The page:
Senior Care Center’s Tips For Dementia Caregivers


1. Keep Things Simple

People with dementia have a harder time processing ideas and making connections. This can make it difficult for them to answer detailed questions or to process information that is presented in a way that is vague or confusing. Senior care articles and experts advise trying to keep things as simple as possible. For instance, instead of asking “what do you want for dinner?” ask something like “do you want spaghetti for dinner?” Try to give them a single option or ask yes or no questions so that they have an easier time answering.

2. Slow Down And Approach Each Day With Patience

People with dementia usually experience a lot of agitation and anxiety. Losing their ability to think or speak clearly is naturally stressful and can put them under a lot of pressure. As a caregiver, part of your role involves helping them deal with this pressure as effectively as possible. Even though you probably have a lot that you need to do each day, you need to slow down and take things one step at a time. If you try to get someone with dementia to do things more quickly, it can increase their level of confusion, which can result in even greater delays.

3. Make Their Surroundings Relaxing

Spaces that are cluttered naturally increase stress levels, overloading the senses. This is particularly problematic for people with dementia. Creating a more calming space can have a big impact on their ability to function. Along with cleaning up any clutter, you should also paint the walls in a soft, muted shade, avoiding bright colors or intricate patterns. If you want to put on music, choose something that is soft and relaxing. Avoid leaving the TV on all day. Consider introducing pleasant aromas, as well, by bringing in essential oils, fresh flowers, or scented sachets.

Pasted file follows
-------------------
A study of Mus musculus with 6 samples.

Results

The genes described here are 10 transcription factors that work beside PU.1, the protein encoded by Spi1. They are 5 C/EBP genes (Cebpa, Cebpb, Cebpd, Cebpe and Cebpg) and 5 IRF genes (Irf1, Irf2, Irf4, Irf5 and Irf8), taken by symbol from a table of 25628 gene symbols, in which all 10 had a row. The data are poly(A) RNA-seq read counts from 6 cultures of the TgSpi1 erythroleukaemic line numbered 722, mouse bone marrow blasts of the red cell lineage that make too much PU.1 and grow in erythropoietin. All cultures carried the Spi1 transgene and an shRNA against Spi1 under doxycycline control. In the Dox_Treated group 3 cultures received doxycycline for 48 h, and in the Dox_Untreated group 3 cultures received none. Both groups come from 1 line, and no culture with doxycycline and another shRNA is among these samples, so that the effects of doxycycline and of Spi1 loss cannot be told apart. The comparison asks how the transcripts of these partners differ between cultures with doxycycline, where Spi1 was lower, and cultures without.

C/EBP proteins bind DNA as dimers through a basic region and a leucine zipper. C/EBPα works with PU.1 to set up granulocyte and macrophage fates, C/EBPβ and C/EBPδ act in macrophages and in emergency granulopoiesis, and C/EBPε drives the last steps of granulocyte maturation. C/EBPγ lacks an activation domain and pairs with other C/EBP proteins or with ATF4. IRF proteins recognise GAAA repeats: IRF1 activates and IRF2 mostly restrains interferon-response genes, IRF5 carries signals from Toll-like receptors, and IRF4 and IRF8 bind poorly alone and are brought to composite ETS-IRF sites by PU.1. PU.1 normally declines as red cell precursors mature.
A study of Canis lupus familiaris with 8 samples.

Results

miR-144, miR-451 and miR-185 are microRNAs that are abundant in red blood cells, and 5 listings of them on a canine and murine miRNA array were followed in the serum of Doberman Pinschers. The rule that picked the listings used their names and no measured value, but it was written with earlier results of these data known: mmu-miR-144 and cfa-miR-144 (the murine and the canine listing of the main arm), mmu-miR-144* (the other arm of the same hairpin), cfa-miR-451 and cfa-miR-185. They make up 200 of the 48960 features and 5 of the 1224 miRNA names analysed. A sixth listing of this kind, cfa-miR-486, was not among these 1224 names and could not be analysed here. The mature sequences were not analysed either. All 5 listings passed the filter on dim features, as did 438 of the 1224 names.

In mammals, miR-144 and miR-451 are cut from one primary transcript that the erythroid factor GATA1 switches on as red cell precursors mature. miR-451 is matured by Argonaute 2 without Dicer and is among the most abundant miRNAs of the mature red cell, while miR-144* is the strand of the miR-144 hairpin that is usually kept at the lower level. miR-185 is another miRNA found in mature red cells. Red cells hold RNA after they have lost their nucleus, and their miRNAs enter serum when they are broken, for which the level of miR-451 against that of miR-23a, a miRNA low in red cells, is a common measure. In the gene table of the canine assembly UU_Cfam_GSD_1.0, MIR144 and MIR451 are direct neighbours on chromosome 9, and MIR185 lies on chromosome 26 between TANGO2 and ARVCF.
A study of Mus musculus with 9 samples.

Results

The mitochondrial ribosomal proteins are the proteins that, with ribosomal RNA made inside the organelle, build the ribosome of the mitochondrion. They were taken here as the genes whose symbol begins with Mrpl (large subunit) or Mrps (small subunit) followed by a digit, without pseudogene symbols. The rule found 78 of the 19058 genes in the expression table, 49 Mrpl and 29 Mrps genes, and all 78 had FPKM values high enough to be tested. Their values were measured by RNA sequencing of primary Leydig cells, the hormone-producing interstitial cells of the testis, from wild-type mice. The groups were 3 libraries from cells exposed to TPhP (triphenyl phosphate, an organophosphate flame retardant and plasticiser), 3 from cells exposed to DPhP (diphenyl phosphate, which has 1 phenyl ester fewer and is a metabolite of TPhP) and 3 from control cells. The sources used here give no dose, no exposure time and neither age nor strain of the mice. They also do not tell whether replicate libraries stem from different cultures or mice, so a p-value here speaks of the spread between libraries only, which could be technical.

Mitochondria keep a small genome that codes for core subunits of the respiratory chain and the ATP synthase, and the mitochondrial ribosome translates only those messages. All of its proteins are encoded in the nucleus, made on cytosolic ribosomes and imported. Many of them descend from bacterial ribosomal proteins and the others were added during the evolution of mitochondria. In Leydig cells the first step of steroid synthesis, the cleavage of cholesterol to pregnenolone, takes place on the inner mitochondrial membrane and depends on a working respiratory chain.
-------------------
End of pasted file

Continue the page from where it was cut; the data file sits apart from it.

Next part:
4. Use Touch To Demonstrate That You Care

To reassure your loved one, try spending time combing their hair. If you need to get their attention, try holding hands with them. This can help calm them, making them feel more connected and helping to ease their fears. Allowing them to grip your hand can also help them stay more focused. Interestingly, researchers have found that the action of creating a fist has a positive effect on the brain and can even stimulate memories.

5. Find Ways To Make Them Laugh

The saying ‘laughter is the best medicine’ is a lot truer than you might think. Australian researchers recently found that sharing jokes with the person you are caring for can dramatically reduce stress. The effect is similar to what takes place when patients are given stress-relieving medication. As an added bonus, sharing laughter with your loved one can also go a long way toward relieving your stress, making it easier to deal with the demands of being a caregiver.

6. Encourage Exercise

Studies have found that regular activity can reduce the rate at which the brain ages. On a related note, some researchers have also found that being sedentary can increase the risk of dementia. Exercise helps increase blood flow to the brain. Encourage your loved one to exercise for a minimum of 20 minutes per day. This can improve their ability to focus and can help them think more clearly.

Acting as a caretaker for a person you love who is struggling with dementia is extremely challenging. If you want to help your loved one live the best life possible, finding ways to keep them relaxed and focused can help them feel happier and more fulfilled. It also can make your job as a caretaker easier. Even though the process of being a caretaker is challenging, it is also quite rewarding. The bond that you develop with your loved one when caring for them is unlike any other and can be really gratifying for both of you.